It’s over. All the hoopla and shopping and cooking and eating and celebrating. Presents unwrapped, eggnog downed, credit cards maxed out. It was a fine example of that strange ritual called The American Christmas; an event both sacred and profane.
Last night, somewhere after the smoked trout and turkey, but before the port and carmelized pear tarte, awash in a sea of wrapping paper and bows, the conversation turned to Useless Things.
Not even the hatbox-shaped plastic purse from Japan that says “It’s so fabulous being me!”
I mean truly Useless Things. Those items we’ve owned, whether through our own besotted bad judgment or the misplaced affection of someone else with just a fingerhold on sanity.
Everyone had a story.
Karen talked about the olive tray from Hell. Two feet long and one olive wide, it was The Rockettes of all olive trays. It could hold two dozen of the black olives we used to stick our fingers in, or fifteen of the big green ones that look like they’re staring at you. This is your eyeball on drugs.
Her husband ate an olive and she glared. Where once had been a perfect symmetry of olives doing a high kick in unison, there now lay a briny gap in the line. She corrected the design with a new olive, served from the Tupperware container in her hand.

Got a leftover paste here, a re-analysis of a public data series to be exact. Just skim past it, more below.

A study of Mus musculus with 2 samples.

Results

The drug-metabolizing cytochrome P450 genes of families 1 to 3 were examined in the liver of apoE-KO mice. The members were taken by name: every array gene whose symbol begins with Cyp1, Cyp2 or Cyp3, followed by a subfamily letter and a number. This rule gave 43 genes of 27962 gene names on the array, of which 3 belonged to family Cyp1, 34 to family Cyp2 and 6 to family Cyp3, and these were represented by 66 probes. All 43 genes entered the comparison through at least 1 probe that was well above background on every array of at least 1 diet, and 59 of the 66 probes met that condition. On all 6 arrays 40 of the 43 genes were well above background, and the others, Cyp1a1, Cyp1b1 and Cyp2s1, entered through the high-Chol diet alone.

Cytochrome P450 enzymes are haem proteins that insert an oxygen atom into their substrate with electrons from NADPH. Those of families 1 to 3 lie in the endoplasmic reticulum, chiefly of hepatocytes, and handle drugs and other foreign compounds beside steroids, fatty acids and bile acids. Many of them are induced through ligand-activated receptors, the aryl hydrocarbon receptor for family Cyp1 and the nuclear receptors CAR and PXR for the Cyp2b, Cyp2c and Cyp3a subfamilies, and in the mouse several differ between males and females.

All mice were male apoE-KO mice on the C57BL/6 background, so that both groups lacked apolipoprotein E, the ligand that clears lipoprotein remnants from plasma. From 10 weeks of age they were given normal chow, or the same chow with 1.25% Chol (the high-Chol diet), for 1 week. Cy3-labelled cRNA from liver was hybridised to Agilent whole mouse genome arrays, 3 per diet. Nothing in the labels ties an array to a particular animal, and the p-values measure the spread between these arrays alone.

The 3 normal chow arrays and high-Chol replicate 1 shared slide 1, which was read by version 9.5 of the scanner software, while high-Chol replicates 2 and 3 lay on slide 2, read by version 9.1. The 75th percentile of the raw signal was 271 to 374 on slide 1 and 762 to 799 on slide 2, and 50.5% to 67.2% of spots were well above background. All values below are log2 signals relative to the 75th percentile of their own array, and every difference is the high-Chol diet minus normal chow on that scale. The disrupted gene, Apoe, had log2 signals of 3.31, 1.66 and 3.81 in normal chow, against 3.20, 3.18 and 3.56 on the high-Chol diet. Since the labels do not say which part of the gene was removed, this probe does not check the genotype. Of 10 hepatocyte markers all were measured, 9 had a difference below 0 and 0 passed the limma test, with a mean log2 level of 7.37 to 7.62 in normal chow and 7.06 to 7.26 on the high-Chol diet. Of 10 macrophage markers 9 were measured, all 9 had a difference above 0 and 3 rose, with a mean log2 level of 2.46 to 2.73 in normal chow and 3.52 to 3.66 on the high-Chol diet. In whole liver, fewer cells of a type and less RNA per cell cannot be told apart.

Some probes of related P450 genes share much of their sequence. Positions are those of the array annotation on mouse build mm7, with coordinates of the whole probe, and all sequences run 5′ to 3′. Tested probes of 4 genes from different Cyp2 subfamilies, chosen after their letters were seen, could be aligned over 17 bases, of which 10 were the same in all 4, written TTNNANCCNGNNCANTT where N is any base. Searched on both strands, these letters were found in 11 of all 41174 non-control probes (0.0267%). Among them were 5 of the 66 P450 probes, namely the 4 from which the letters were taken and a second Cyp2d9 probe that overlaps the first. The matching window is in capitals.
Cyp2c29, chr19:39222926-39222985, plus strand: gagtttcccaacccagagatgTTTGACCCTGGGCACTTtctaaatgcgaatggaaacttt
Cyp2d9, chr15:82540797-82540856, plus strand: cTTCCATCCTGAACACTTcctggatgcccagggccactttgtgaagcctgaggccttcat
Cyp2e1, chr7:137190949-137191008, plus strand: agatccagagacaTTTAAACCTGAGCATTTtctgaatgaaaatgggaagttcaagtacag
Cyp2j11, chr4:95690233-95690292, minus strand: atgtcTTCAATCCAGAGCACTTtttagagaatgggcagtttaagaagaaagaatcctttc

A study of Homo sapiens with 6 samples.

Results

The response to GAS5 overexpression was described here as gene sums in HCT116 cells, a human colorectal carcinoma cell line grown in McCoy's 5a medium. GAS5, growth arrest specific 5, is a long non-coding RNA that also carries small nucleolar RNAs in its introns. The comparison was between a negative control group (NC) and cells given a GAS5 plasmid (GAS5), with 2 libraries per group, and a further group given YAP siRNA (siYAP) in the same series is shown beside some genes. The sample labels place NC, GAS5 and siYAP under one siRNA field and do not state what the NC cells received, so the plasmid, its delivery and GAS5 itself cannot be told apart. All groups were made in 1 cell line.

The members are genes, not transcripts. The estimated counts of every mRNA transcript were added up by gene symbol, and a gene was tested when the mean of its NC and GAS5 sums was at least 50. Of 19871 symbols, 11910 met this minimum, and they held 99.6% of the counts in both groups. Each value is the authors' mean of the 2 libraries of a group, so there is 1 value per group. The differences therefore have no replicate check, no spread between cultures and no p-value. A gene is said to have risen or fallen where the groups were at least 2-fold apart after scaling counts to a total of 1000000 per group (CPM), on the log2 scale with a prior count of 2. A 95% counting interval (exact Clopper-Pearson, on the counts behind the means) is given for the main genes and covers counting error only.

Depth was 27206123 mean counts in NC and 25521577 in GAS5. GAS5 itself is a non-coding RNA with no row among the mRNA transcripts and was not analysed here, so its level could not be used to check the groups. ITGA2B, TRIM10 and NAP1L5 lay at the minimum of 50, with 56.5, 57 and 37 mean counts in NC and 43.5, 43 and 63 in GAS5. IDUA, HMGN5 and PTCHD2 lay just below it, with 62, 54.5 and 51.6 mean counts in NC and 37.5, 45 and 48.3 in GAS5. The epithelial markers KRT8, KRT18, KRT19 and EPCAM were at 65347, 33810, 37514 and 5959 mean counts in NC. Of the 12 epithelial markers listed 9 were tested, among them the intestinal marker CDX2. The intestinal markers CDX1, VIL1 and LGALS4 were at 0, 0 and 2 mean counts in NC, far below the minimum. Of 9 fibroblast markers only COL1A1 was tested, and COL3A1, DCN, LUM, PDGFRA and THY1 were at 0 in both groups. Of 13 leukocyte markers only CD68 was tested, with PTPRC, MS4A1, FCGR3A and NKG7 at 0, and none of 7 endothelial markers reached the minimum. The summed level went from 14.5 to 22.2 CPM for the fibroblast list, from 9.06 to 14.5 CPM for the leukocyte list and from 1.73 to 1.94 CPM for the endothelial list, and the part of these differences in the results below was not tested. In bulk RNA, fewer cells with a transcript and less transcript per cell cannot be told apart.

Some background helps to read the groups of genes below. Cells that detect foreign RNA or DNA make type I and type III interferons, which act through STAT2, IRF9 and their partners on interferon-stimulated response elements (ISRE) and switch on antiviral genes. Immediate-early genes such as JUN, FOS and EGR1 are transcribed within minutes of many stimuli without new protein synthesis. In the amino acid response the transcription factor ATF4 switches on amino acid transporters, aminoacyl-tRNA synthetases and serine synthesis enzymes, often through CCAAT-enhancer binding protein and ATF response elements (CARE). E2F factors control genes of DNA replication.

Another one was eaten. She refilled. And refilled. She spent the night hovering near the crudités, a handful of pristine olives at the ready, unable to walk away from a tray that only looked good when full.
My own story was The Toast. Surely, you remember The Toast? That crusty bit of dried out, seven-grain bread with the face of The Runaway Bride on it? She looked wistful, vulnerable. Yeah, and bug-eyed, too.
When I spotted it on eBay, I had to have it. It was the perfect example of all things useless. Food you can’t eat. Art that isn’t art. A person of fame simply for being a person of fame. A spiritual visitation of the most superficial sort.
I placed a bid and watched — aghast — as another offer came in. I upped the ante. Nobody else was going home with my toast. Two minutes and fourteen seconds left in bidding. I was still five bucks under the limit I’d set for myself. There was wiggle room.
Thirty seconds left. Somebody bid the price up ten bucks. Who was this evil creature, Mr. email@example.com? He took the prize. I hated him. And I hope he choked on the toast.
Dennis’s story was better than mine. He had bought a thousand gross of arrow fletchings. Not the arrows themselves, mind you. Not the arrow heads. Just the little feather things on the back that make the arrow fly straight and true.
“Why?” I asked him.
“Because they were such a good deal.”
Now all he needs are 144,000 boy scouts who want to earn merit badges in archery.
My friend Bob nodded his head, understanding completely. “I bought airplane tires.”